I Want a Famous Face - What the Experts Have To Say

updated

Over the past two months, we've been exploring the world of celebrity plastic surgery.  Though our stance on the issue may have been amusing and our "celebrity plastic surgery creations" hideous, the phenomenon is very real-some people, just like you and me, are undergoing plastic surgery not to feel better about themselves, but to look more like their favorite celebrities.

It's a trend that was highlighted most recently in the MTV show I Want a Famous Face. Participants would go under the knife in hopes of looking more like Brad Pitt, Angelina Jolie, Tom Cruise, or any number of other famous celebrity facades.  The surgeries were extensive and painful, and the results fell (far) short of "perfection": not one contestant actually looked like their fave superstar.

So what do the experts have to say?  To be sure, there are some who would agree to undertake the monumental task of turning an ordinary face into a purported mirror image of a Hollywood starlet or hunk. 

But then there are some like Dr. Kamran Khoobehi, a board certified plastic surgeon near New Orleans, Louisiana.  He takes a much healthier stance on the matter, and has some ideas that patients and surgeons alike might want to consider.

Hollywood ≠ Perfection

So you've made a decision to alter your appearance.  That's great!  Each year millions of people go under the knife and emerge with heightened self-esteem and renewed confidence.  These people are prime examples of what plastic surgery is meant to do - make you a better version of you.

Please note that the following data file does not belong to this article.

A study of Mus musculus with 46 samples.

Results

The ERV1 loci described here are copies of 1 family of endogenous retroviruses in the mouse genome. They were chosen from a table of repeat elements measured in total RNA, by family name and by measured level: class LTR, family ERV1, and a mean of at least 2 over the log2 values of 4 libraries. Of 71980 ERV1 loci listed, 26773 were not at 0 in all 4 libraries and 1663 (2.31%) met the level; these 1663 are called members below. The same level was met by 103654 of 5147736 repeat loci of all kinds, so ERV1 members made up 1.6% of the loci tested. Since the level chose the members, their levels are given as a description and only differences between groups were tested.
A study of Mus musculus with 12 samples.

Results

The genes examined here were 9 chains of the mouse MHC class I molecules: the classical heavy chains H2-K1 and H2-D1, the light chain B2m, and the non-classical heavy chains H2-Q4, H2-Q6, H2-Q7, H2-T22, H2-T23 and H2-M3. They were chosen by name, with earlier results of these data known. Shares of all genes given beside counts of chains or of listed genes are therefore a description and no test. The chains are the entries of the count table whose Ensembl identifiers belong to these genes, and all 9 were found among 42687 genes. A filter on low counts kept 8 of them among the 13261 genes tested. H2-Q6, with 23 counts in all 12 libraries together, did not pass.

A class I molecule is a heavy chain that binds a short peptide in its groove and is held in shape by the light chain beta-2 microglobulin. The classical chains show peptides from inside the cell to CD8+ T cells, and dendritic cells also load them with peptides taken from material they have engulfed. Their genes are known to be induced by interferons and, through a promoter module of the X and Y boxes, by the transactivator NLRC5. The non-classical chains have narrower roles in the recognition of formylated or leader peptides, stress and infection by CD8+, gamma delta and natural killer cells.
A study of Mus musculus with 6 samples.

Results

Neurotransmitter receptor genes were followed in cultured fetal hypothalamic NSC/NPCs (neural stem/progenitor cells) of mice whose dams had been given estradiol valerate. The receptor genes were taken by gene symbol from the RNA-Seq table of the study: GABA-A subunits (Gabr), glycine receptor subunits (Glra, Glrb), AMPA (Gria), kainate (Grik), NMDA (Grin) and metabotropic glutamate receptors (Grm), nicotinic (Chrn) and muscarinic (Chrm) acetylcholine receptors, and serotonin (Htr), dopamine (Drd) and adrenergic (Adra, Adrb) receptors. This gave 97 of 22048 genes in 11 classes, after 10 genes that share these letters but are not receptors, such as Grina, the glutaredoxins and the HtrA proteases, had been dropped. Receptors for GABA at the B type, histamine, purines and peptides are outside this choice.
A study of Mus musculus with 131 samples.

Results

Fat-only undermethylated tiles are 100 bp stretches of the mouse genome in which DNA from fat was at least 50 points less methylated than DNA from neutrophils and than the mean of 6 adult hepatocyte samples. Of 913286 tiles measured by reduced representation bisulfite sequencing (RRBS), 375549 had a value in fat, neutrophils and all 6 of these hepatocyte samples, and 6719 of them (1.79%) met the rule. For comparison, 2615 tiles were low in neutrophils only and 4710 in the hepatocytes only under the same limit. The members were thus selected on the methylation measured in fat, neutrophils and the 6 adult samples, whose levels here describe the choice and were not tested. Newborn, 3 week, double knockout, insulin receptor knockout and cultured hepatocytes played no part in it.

But what if you decide you want plastic surgery, and you want to look like (insert your favorite male or female celebrity here).  Now I'm not a medical professional, but I'd be willing to guess that desiring another person's features enough to actually pay to have them is a sign that a person might have some underlying, unresolved emotional and psychological issues.   

The issue does not lie in wanting to look like someone else; the issue lies deeper.  You can see how this might present a dilemma for surgeons like Dr. Khoobehi, whose ultimate goal is not only a beautiful result, but a healthy and happy patient. 

When asked if patients come into his office seeking celebrity plastic surgery makeovers, Dr. Khoobehi says that "they don't want to look like celebrities... I believe that Hollywood has gone a little bit overboard."

Just Say No

It's no secret that Hollywood has shaped, and even defined, our ideal of the perfect male and female figures. But does that mean that ordinary people seeking a little aesthetic improvement should rely on Tinsel Town to tell them what is and isn't beautiful?

"Having a successful practice puts you in a position to say ‘no' to the patient." And that is exactly what Dr. Khoobehi does.  Patients who come into his practice with unrealistic expectations and magazine clippings of their favorite celebrities don't need plastic surgery; they need a different kind of help.

Patients may have an idea of what they want. They may have a hunch of what the results of their procedure will look like.  But in the end, it is up to professionals like Dr. Khoobehi to accept patients, and to coach them through the process of a healthy makeover. 

Despite numerous attempts to uncover the fountain of youth through the newest healthy fad or latest injectable treatment, Hollywood should not be used as a guide for plastic surgery makeovers.